Choosing the Ideal Candidate: Best Practices


    How to Choose the Best Candidate

    © Copyright Carter McNamara, MBA, PhD

    At this point, there usually is one or two candidates who clearly stand out as the most qualified for the job. However, it is surprising how much interviewers’ impressions can change once they all have an opportunity to carefully discuss and consider all of the candidates. Be sure your approach to selecting the best candidate is a comprehensive and consistent approach.

    Soon after interviews are completed, interviewers together select the best candidate.

    Within one or at most two weeks after all interviews have been completed, convene the interviewers. Consider a consistent method to select the best candidate from among the interviewers. For example, mention the name of a candidate, and allow 15 minutes total for all interviewers to share their impressions of that candidate. Also, share the results of any comments from references and/or background checks. Repeat the process for each candidate. After all candidates have been discussed, then list the candidates again, this time having interviewers vote for the best candidate from the list.

    If there does not seem to be a suitable candidate, then consider the following:

    Are the job requirements too stringent or an odd mix? For example, the job might require someone with strong technical skills and also someone with strong clerical skills. Those two types of skills are sometimes unusual to expect to mix together.

    1. Reconfigure the job so that the nature of the required skills and training are somewhat similar and so that the overall nature of the job becomes more common.
    2. Hire the candidate who most closely matches the requirements of the job and then plan for dedicated training to bring that person’s skills up to needed levels.
    3. Re-advertise the position.
    4. Get advice from a human resources professional. At this point, your need for their advice is probably quite specific, so they might provide services on a pro bono basis.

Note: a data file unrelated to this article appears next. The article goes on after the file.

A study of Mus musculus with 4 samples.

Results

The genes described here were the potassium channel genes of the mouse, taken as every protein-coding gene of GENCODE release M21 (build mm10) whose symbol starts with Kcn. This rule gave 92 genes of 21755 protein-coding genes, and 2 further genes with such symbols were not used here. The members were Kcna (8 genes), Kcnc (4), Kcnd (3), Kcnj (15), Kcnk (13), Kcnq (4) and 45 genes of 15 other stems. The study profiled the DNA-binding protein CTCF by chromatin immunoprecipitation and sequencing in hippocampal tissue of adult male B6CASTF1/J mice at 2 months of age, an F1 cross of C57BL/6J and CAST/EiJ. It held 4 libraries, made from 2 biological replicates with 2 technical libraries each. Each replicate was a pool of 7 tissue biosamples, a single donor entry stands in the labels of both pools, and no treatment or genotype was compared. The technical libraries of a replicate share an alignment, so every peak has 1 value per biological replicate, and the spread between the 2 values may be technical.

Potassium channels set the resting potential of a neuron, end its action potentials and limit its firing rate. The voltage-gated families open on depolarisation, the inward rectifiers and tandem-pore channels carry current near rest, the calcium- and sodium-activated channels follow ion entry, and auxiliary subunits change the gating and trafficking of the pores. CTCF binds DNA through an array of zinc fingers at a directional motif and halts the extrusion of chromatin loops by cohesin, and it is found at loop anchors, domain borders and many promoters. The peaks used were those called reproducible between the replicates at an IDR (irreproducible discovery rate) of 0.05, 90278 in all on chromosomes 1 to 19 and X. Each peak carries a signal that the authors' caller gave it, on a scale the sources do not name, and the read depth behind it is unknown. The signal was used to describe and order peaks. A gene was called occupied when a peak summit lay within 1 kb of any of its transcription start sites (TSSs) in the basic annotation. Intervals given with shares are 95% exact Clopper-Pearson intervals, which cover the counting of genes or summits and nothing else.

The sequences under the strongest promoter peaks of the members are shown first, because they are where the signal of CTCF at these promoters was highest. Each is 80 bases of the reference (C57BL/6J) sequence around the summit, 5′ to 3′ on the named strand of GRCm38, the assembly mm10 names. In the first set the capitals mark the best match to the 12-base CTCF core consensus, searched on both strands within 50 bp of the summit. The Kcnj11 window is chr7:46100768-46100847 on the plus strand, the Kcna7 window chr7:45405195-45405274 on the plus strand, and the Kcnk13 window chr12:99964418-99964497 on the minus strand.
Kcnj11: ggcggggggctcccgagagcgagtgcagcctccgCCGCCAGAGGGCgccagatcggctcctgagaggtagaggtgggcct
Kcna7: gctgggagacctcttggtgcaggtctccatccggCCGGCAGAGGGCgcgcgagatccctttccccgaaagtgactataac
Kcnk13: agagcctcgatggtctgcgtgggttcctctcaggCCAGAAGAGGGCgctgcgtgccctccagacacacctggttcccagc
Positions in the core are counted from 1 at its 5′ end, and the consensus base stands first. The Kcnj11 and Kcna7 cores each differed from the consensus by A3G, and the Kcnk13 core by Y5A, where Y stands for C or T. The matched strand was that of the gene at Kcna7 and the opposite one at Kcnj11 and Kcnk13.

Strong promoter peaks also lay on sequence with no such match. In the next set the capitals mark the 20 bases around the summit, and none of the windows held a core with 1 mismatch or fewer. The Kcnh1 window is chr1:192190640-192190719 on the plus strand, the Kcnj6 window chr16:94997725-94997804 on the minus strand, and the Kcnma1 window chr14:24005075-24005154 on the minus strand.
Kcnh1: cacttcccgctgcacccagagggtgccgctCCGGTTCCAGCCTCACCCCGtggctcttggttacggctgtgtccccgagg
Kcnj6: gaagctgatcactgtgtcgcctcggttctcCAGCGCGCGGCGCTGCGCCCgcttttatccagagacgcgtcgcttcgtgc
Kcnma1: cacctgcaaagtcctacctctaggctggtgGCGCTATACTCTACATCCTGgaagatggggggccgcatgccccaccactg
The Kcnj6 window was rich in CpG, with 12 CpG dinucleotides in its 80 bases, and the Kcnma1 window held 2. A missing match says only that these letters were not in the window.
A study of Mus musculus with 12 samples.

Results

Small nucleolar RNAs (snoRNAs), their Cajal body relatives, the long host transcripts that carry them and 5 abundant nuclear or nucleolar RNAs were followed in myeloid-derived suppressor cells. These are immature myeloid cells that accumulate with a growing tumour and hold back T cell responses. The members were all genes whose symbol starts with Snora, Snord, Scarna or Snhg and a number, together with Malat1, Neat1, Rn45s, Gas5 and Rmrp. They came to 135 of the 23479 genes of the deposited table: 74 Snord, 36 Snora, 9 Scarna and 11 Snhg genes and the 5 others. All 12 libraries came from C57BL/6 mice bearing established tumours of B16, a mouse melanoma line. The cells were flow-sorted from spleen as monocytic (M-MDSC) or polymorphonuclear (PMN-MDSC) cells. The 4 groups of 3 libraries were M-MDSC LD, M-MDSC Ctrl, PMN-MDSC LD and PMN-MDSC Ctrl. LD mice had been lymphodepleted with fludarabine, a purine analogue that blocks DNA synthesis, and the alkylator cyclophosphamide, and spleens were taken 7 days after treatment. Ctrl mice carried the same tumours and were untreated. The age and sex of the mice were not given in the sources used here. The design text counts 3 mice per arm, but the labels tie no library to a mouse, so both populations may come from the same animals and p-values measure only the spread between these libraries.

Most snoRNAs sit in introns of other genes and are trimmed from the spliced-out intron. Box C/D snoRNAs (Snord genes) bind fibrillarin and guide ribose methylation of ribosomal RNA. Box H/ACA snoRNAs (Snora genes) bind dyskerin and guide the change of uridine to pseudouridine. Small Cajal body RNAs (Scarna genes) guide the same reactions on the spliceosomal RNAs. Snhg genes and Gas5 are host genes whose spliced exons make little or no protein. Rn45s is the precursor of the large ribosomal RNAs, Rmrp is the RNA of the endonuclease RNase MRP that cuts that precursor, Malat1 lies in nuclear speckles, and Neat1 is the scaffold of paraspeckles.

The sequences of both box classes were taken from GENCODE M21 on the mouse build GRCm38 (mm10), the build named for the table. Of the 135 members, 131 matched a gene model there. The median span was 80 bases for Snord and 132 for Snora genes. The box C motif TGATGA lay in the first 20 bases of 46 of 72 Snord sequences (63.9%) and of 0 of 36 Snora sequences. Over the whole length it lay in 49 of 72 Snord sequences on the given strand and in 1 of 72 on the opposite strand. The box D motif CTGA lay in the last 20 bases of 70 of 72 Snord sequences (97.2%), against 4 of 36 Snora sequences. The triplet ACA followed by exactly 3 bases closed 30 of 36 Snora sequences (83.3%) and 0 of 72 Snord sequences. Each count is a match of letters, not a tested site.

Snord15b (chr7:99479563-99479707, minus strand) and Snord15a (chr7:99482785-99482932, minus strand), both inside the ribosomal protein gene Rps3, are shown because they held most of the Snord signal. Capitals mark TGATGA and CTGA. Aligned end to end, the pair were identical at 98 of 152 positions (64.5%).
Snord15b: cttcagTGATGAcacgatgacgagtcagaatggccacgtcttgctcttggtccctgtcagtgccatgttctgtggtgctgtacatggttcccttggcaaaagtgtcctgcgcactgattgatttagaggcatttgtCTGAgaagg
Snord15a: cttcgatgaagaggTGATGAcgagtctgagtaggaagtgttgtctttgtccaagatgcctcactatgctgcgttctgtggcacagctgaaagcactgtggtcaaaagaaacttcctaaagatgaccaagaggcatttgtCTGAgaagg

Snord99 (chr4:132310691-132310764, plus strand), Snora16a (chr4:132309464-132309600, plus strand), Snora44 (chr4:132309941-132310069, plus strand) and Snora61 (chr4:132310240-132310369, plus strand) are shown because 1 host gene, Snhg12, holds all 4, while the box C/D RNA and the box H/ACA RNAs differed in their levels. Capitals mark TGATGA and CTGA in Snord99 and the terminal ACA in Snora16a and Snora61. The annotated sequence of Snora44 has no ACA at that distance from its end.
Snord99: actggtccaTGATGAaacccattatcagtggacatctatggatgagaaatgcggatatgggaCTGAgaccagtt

5. Hire a consultant for the position on a short-term basis, but only as a last resort as this may be quite expensive.

    How to Hire a New Employee

    © Copyright Carter McNamara, MBA, PhD

    You send a strong message to the candidate in the way that you provide the job offer to them. It is best to be both business-like and personal in your approach.

    1. Provide a written job offer to the most qualified candidate.

    The letter should come from the person who will be supervising the new employee. In the letter:

    1. Convey that you are pleased to offer the job to the candidate.
    2. Specify the exact amount of compensation offered to him/her.
    3. Specify the benefits offered to him/her.
    4. Specify the date on which to start the job.
    5. Include a signature line that the candidate can sign.
    6. Ask him/her to sign a copy of the offer letter and return it to you by a certain date. Give them at least one week to consider the job offer.
    7. Mention if there is a probationary period and the length of the period.
    8. Mention who he/she can contact if there are any questions.
    9. Attach a copy of the job description to be sure that the offer is associated with the correct job.

    2. If everyone declines the job offer, then consider the following:

    1. Ask the best candidates why they declined the offer. Usually, you will hear the same concerns, for example, the pay is too low, the benefits incomplete, the organization seems confused about what it wants from the role, or the interview process seems hostile or contentious.
    2. Reconvene the interviewers and consider what you heard from the candidates. Recognize what went wrong and correct the problem. Contact your favorite candidate, admit the mistake what you did to correct it, and why you would like to make an offer to him/her again.
    3. Go to the second choice. Sometimes the process of re-examining the candidates can bring a second-choice candidate to the front.
    4. Re-advertise the position.

    3. Otherwise, start a personnel file for the new employee.

    The personnel file contains all of the job-related information and material, for example, the employee’s resume, job description, job offer, signed offer letter, completed tax withholding forms, signed forms for benefits, etc.

    4. Do not forget to send letters to the candidates who did not get the job.

    They deserve a sincere letter from you that thanks them for their consideration and for interviewing for the job. Clearly explain that another candidate most closely matched the qualifications specified in the job description. If you plan to retain their job applications, then mention that to them so they are aware that they still might be considered for other jobs that arise in the organization.

    Return to Staffing for the next step in the staffing process.